A day after Saddam Hussein was sentenced to hang, the country's Shiite-dominated government declared a major concession to his Sunni Muslim backers that could see thousands of purged Baath Party members reinstated to their jobs.

The Supreme National Commission for de-Baathification has prepared a draft law with the amendments and will soon send it to parliament for ratification, the commission's executive director, Ali al-Lami told The Associated Press Monday.

"We decided to make the announcement after the Saddam verdict so that the de-Baathification commission would not be accused of bias," al-Lami said.


Before the amendments were drawn up, the organization listed names of 10,302 senior Baath Party members who were to be fired but the new proposed law includes only 1,500 names, al-Lami said. Those who will lose their jobs will get retirement pensions, he said.

He said that 7,688 have been fired since the organization was established in January 2004.

Members of Saddam's elite dissolved security agencies as well as members of the paramilitary Saddam's Fedayeen that were run by the former president's late son, Odai, are not the work of the organization but the prime minister's office, al-Lami said.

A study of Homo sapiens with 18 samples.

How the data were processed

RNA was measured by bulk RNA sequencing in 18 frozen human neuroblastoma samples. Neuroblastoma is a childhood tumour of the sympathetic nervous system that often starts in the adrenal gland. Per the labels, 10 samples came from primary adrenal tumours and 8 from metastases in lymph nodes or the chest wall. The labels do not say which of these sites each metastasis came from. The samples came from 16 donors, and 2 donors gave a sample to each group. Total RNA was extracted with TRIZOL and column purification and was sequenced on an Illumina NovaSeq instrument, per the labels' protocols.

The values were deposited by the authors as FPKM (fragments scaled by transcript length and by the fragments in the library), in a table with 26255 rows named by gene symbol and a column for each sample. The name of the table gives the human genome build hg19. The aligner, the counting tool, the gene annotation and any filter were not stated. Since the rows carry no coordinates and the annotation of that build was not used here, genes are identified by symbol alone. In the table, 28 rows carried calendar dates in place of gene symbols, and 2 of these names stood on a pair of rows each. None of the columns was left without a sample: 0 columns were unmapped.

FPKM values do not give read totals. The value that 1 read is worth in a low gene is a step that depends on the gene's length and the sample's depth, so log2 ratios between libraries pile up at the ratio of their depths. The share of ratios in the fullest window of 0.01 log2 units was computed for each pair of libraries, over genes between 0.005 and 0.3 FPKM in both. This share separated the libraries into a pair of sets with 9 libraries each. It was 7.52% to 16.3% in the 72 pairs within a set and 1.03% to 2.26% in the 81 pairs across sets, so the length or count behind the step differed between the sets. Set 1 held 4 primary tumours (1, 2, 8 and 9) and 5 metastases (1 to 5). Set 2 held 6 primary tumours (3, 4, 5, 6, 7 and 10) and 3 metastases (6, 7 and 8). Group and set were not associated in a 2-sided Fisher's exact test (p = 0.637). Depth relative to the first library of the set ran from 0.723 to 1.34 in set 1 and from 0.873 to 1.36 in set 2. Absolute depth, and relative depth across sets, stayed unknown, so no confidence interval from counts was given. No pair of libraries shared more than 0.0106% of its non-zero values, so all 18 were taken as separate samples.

Many Sunni Arabs here say that the de-Baathification process was aimed to remove members of their sect, that ruled Iraq for decades until the fall of Saddam, from state institutions but al-Lami strongly denied such accusations saying that more Baathists from the predominantly Shiite southern Iraq lost their jobs than in Sunni areas in the center.

The United States dissolved and banned the formerly ruling Baath party in May 2003, a month after toppling Saddam, but later softened its stance, inviting former high-level officers from the disbanded military to join the security forces. The former top U.S. administrator in Iraq, L. Paul Bremer, also allowed thousands of teachers who were Baathists to return to work.

Since it was founded, the de-Baathification committee vetted thousands of former Baathists who returned to work while others who proved to be senior Baath Party members were sacked.